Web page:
3.0
 
0.0 (0)

Overview

Directed By
Official Synopsis
A sex and love addicted woman learns what real intimacy is when she starts making music with a reclusive man.
Release Date
3/13/18
MPAA Rating
PG-13

Unlike a substance addiction, recovering from a sex & intimacy addiction requires that you return to your object of habit. What a conundrum. How do you figure? Unlovable suggests the practice of deeper platonic bonds. Based on the script and real-life experiences of its Writer/Star Charlene De Guzman, Unlovable, opts to tell its story with pastel tones and a gossamer touch. Sometimes that sweet twists to sour, but the poignancy of its true-life source do accumulate to an overall veracity..

John Hawkes plays the man Joy (Charlene De Guzman) will learn to love in a chaste way. He elevates the film, not solely through performance, but by the original songs he wrote and performed alongside Charlene. Together they form a musical duo to beat their addictions up with song and drumsticks. It seems more lucrative than the guidance of a sponsor played by Melissa Leo.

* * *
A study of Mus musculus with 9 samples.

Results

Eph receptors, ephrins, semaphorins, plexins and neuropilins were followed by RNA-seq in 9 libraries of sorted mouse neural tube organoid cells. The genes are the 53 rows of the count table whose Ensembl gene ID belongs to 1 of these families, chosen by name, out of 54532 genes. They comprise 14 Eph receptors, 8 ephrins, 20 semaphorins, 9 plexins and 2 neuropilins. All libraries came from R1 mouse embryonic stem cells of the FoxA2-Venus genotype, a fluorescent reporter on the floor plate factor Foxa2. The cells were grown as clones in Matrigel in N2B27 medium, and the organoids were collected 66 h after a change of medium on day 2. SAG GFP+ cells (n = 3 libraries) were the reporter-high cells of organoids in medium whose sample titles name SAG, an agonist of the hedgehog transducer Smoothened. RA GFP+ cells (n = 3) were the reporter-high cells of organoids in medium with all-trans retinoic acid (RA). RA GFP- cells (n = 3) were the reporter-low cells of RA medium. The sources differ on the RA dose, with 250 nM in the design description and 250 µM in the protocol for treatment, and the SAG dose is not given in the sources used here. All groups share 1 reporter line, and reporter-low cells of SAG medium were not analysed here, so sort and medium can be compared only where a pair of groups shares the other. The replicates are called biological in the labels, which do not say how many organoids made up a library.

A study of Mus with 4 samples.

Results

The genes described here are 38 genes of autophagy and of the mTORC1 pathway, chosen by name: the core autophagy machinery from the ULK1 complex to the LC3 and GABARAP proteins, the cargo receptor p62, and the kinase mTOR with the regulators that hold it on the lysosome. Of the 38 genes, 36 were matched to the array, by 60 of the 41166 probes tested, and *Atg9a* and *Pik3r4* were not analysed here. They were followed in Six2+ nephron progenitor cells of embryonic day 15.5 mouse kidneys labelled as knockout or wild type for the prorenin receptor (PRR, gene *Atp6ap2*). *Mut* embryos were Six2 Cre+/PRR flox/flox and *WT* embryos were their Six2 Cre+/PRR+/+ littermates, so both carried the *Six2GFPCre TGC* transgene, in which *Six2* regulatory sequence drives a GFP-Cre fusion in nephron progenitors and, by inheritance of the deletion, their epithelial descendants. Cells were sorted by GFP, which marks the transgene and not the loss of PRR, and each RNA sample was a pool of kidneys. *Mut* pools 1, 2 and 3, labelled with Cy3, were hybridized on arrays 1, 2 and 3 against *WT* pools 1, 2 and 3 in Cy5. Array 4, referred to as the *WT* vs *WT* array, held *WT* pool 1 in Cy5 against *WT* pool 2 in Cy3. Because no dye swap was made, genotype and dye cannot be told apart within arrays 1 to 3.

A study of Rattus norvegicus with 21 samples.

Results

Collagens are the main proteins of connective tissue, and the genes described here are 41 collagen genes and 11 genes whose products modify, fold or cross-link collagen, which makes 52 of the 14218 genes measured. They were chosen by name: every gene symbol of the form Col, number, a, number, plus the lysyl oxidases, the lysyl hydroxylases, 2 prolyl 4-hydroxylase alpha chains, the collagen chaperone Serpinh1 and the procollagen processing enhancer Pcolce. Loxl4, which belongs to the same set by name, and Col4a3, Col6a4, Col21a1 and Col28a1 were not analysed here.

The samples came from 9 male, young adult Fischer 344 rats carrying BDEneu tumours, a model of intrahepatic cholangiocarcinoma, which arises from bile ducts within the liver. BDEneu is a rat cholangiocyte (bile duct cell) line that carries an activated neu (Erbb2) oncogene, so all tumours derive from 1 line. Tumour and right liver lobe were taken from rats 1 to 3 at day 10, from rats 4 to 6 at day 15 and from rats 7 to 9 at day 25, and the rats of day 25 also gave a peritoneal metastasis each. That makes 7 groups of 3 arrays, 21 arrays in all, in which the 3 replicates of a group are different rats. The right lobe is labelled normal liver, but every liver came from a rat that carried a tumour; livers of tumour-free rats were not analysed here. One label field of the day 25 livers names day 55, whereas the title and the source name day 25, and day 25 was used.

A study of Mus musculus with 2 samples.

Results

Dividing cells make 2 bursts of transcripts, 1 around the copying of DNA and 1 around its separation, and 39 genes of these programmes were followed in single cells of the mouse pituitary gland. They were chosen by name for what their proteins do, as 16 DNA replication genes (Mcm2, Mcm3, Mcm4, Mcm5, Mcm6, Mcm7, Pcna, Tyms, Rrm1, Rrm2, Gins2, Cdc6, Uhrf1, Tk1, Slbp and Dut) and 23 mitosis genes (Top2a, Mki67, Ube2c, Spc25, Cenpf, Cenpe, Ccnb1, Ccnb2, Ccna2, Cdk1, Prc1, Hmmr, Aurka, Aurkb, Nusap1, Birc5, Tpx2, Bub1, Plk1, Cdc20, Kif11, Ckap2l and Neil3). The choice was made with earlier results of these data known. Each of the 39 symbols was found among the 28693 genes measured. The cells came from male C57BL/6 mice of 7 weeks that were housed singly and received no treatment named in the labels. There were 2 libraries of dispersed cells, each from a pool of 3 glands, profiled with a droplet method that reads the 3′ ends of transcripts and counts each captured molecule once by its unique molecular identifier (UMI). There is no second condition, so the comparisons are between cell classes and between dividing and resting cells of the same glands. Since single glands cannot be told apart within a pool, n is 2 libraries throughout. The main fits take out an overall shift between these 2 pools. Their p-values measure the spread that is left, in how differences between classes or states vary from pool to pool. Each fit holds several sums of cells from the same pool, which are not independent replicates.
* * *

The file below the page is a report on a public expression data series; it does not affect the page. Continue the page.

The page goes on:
Leo and Hawkes offer a grounded antithesis to Charlene’s hyper-manic portrayal and the film’s deliberate daint. Sometimes those jarring opposites buttheads, and it can feel “off” when Hawkes delivers a saccharine punchline that might’ve worked if the performance cambered to the heightened brows of the world surrounding. But Hawkes plows through the film’s tonalities, escalates it, and even keeps the thing tenuously stitched together. 

This film has something sincere to explore, something untold by this form and undone in this way. It’s the sunny flipside to McQueen’s self-serious “Shame” in which characters brood under torrential rain. It benefits from being the “first” of few to approach its theme. But it won’t be the last -- or the best. 

Editor review

Overall rating 
 
3.0
Entertainment Value 
 
3.0
Story/Writing 
 
3.0
Performance (Acting) 
 
3.0
Direction 
 
3.0
Production 
 
3.0

Unlovable

This film has something sincere to explore, something untold by this form and undone in this way. It’s the sunny flipside to McQueen’s self-serious “Shame” in which characters brood under torrential rain. It benefits from being the “first” of few to approach its theme. But it won’t be the last -- or the best.